You are here:
Evaluating Anthropogenic Impacts Along the Land-Ocean Continuum Using SilicaEPA Grant Number: FP917238
Title: Evaluating Anthropogenic Impacts Along the Land-Ocean Continuum Using Silica
Investigators: Carey, Joanna
Institution: Boston University
EPA Project Officer: Jones, Brandon
Project Period: September 1, 2010 through August 31, 2013
Project Amount: $111,000
RFA: STAR Graduate Fellowships (2010) RFA Text | Recipients Lists
Research Category: Academic Fellowships , Fellowship - Water Quality: Coastal and Estuarine Processes
Anthropogenic activities have greatly altered the global fluxes of nitrogen (N) and phosphorus (P) to coastal receiving waters. While N and P have appropriately received much research attention, another important nutrient, silica (Si), has largely gone unexamined and thus, Si cycling at the land-sea interface remains poorly understood. The purpose of this research is to examine how land use change alters the export of Si to New England estuaries.
Excess nitrogen and phosphorus in relation to silica can lead to a silica starved system, stimulating a shift in phytoplankton species composition from diatom to non-diatom species and altering tropic interactions. This research will quantify the impact of historic and current land use change on silica export from the terrestrial to the aquatic ecosystem and determine the relationship between current watershed land use and estuarine phytoplankton species composition and abundance.
This funding will quantify and characterize the type (dissolved vs. particulate) of Si, as well as N and P, exported via rivers from several New England watersheds with contrasting land use characteristics. In order to directly link watershed characteristics and downstream ecosystem response, concurrent phytoplankton composition and abundance measurements will be made in the receiving estuary (Plum Island Sound, MA). In addition, river sediment cores and historical land use data will help establish how the relationship between land use and watershed Si flux has changed in the recent past.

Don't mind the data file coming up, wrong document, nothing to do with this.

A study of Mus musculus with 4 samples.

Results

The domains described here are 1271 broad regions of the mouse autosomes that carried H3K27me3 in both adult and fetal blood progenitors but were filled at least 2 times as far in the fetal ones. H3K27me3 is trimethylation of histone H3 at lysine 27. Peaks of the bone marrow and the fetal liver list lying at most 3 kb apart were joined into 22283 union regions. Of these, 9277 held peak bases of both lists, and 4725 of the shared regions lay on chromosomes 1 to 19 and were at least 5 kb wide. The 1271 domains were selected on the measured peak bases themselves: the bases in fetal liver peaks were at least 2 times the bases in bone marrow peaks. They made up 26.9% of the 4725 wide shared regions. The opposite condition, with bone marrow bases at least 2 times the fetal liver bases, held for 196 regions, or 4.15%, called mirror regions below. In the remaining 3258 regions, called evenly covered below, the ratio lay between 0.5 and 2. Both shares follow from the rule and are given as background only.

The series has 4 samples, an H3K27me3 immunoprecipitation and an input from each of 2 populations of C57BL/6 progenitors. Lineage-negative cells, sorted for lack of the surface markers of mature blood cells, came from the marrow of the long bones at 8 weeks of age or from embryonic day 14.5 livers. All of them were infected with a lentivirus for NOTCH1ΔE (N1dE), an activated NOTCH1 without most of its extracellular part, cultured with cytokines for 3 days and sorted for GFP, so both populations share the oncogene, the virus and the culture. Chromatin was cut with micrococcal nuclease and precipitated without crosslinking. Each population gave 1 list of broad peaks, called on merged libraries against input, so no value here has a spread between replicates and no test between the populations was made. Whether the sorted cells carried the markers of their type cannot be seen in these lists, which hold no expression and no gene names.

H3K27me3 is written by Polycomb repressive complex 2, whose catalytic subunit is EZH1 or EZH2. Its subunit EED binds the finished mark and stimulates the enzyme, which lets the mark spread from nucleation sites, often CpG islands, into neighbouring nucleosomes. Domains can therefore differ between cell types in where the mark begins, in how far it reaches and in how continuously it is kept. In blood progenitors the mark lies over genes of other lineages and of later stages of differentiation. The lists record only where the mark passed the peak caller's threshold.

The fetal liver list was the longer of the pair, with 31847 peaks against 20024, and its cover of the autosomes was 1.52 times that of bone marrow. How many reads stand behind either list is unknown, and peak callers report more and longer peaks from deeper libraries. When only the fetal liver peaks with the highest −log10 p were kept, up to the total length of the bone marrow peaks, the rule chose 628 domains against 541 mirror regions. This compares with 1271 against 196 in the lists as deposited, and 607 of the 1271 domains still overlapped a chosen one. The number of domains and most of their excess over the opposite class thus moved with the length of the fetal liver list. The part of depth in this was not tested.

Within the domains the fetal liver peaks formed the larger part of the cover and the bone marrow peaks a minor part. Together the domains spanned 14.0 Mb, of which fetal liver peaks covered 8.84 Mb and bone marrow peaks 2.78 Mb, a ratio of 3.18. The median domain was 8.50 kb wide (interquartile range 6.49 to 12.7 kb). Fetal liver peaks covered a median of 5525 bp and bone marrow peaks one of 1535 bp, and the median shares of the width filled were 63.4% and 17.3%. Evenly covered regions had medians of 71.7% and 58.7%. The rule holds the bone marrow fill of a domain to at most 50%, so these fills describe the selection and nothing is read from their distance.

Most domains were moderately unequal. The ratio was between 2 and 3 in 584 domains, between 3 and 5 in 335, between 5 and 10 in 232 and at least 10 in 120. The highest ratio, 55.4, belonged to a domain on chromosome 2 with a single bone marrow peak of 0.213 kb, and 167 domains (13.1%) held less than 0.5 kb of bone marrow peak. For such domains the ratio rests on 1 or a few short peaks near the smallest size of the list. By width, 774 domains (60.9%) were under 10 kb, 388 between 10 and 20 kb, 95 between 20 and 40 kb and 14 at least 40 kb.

This research will determine how land use change alters the export of Si via rivers, with attention to behavior of Si in relation to N and P and the impacts of such nutrient ratios on phytoplankton species composition in the receiving estuary. The resulting relationships between land use, river nutrient stoichiometry and phytoplankton species will provide new and critical insights into silica cycling at the terrestrial-aquatic interface.
Potential to Further Environmental/Human Health Protection:
Excess Nitrogen and Phosphorus can lead to Si-starvation in coastal waters, causing a shift in phytoplankton species composition from diatom to non-diatom species. The non-diatom species can be harmful algae blooms, such as red tides, which can alter higher trophic levels and, in some cases, are dangerous to human health. This research will provide important information for the management of coastal ecosystems.